A fast is not enough
Political and judicial reforms are integral to the fight against corruption. HK Dua writes.india Updated: Aug 31, 2011 01:28 IST
The best of victories are those in which neither of the combatants suffers defeat or a loss of face. Anna Hazare and the government can claim some credit — the former for pushing the government to the backfoot and the latter for refusing to yield ground on the essential demands.
While Hazare's movement has placed corruption high on the national agenda, it will be for the government to decide how best to tackle it. Also, it will be in Parliament, not Ramlila Maidan or Jantar Mantar, that laws will be enacted.
Hazare realised that people are fed up with the way corruption is affecting everyone's life and that the government is not willing to do much about it. His movement brought out people's anger over corruption and, at times, even challenged the legitimacy of Parliament, the executive and the judiciary. But it could not force Parliament to enact the Jan Lokpal Bill, which has been drafted by a handful of self-appointed people.
The naïve usually oversimplify a problem and believe what they prescribe is the only solution. This prescriptive psychology is natural to evangelists, but it can arouse passions among people that a leader may not be able to control later. However, it goes to Hazare's credit that no incidents of violence were reported from Ramlila Maidan or elsewhere in the country. This is because of the Gandhian approach that he adopted to press his demands, as also the readiness of the government to engage him in talks to find a way out.
For his colleagues to claim that this was a second freedom struggle or a movement of the kind Jayaprakash Narayan led in the 1970s was sheer hyperbole. Hazare is neither a Mahatma Gandhi nor a JP. His lieutenants strangely equated what they called 'civil society' with the entire country, although large sections of adivasis, Dalits and OBCs kept out. Though they are also victims of corruption, these communities seem to fear that Hazare's attack on parliamentary democracy is aimed at undoing the guarantees that the Constitution promises them. Therefore, the movement was essentially an urban middle class phenomenon, meant to voice the concerns of the city-bred.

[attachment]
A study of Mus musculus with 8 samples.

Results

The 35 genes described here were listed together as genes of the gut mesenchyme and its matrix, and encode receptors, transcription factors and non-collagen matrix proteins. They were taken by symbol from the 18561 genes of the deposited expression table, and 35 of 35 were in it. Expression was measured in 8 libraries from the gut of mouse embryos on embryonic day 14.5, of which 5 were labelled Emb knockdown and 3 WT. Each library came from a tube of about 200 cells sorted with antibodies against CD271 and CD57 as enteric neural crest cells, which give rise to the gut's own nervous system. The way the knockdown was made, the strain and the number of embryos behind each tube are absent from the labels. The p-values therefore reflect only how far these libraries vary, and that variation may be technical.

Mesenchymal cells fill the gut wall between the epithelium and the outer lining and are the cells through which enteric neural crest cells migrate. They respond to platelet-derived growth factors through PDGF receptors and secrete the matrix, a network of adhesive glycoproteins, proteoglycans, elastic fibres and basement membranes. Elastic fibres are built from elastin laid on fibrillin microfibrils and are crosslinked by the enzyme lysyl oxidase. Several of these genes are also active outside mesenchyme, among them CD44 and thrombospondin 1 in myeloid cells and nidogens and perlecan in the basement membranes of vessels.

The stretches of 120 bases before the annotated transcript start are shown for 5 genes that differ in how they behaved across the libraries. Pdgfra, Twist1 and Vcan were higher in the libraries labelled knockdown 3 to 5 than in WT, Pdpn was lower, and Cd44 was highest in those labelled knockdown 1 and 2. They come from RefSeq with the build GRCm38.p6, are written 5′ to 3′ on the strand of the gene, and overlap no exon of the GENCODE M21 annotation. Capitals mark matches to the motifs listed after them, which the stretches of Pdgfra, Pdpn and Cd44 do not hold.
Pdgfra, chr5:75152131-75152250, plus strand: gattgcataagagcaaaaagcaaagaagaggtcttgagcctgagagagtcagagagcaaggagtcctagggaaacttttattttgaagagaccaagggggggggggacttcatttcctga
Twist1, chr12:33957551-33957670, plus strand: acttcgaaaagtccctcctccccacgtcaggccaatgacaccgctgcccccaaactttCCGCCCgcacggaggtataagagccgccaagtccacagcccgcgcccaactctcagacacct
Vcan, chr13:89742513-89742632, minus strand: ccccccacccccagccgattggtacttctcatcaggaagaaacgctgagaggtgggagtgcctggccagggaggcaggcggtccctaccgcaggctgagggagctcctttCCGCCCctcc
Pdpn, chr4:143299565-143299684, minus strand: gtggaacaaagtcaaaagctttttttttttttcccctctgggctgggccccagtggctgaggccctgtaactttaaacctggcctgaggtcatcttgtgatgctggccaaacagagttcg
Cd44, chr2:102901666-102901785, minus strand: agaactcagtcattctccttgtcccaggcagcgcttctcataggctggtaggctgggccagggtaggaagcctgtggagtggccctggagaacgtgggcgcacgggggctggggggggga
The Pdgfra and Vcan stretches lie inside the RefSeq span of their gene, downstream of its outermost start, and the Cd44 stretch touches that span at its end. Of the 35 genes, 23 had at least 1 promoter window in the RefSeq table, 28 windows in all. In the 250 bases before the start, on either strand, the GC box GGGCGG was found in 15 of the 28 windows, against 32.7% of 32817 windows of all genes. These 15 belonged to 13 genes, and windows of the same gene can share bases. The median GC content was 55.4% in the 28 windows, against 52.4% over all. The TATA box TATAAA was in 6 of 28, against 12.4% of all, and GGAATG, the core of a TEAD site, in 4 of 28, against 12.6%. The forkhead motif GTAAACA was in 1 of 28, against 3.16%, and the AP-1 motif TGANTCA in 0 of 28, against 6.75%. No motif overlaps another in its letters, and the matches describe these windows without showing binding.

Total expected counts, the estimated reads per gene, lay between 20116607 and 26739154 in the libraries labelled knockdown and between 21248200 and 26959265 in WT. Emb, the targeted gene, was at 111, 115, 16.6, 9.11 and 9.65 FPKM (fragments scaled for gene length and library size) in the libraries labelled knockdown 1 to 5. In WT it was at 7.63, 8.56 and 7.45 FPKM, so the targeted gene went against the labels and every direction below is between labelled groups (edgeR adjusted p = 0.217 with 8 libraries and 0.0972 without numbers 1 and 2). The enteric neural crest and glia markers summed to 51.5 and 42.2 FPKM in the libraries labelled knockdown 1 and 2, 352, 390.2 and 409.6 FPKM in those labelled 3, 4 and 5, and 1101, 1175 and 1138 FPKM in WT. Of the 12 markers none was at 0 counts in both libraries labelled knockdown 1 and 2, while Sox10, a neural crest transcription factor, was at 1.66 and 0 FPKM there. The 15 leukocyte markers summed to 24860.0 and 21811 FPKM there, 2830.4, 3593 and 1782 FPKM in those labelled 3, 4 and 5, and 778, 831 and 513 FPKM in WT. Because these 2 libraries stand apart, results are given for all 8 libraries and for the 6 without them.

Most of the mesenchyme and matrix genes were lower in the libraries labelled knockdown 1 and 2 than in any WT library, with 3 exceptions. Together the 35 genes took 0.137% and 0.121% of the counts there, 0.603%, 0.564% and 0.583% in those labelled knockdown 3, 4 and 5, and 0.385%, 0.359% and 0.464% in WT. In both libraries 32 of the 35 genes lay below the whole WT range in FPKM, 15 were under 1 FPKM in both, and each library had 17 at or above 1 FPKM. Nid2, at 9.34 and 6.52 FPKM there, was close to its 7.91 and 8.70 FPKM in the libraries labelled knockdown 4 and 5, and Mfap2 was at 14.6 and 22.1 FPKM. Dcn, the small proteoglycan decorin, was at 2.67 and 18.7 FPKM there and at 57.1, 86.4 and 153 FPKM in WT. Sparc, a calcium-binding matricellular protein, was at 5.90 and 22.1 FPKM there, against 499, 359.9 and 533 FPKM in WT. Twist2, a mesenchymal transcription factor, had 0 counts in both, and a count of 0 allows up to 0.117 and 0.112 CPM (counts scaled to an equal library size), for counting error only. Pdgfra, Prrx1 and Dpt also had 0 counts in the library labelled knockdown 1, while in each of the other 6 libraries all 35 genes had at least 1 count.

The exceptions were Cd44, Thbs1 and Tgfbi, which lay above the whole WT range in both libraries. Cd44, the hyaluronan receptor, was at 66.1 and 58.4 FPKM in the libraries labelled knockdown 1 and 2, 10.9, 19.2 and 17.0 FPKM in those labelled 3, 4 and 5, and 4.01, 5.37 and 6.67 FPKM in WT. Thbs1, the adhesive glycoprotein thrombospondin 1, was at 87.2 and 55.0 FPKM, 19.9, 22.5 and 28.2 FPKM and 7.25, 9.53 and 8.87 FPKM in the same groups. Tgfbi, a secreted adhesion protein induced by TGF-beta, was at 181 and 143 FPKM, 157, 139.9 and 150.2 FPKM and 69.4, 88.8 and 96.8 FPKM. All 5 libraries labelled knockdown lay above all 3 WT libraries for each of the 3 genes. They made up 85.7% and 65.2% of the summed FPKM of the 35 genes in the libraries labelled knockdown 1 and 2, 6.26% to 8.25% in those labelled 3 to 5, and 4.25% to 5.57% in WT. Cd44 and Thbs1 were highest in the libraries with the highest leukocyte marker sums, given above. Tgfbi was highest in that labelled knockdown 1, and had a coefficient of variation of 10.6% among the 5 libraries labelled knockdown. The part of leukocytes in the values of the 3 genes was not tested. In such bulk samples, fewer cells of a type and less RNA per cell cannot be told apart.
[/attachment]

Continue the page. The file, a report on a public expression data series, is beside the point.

When Hazare and his men jacked up their demands, many in the intelligentsia felt that forcing deadlines on Parliament to pass the bill was undemocratic and a threat to Parliament's supremacy in framing legislation. It's not that people should not put pressure on the government to demand reforms, but dictating laws to Parliament amounts to acquiring extra-constitutional authority, which no reasonable citizen can accept — it is a sheer case of overreach.
The crowd at Ramlila Maidan was making the organisers somewhat intolerant of people who didn't share their opinions. An atmosphere of arrogance was fast developing and Hazare's fast constrained the government's strategy. The attitude and inexperience of some of the Union ministers further complicated the matter for the government. Hazare's arrest and his subsequent transfer to Tihar is a case in point.
The political system and politicians in general were under attack. So were the institutions, particularly the Parliament, which has been procrastinating over the Lokpal Bill over the past four decades.
The demand that Parliament must pass the Jan Lokpal Bill by August 30 made Members of Parliament (MPs) come to believe that the authorities of Parliament and the Constitution were under threat. The overbearing attitude of Hazare's colleagues resulted in the coming together of these MPs from various political parties.
The final resolution was the result of negotiations between the Congress and the Opposition parties, and it was aimed at ending Hazare's fast. By this time even Hazare had realised the limit beyond which the movement could not have been stretched. There was also the risk that the movement may go out of hand or, worse, be hijacked by wrong people.
There are a couple of lessons that Hazare's agitation has thrown up for the country. First, in order to end corruption, it is necessary to bring about major reforms in the political and judicial systems to make them more responsive to the people. Second, we can achieve much by evolving a consensus among political parties inside and outside Parliament than by confrontational politics.
A consensus on political reforms and the working of vital institutions on issues like national security, terrorism, foreign policy, and pluralism can be achieved if members of various political parties show the kind of wisdom they did in both Houses last Saturday.
HK Dua is a senior journalist and Member of Parliament. The views expressed by the author are personal.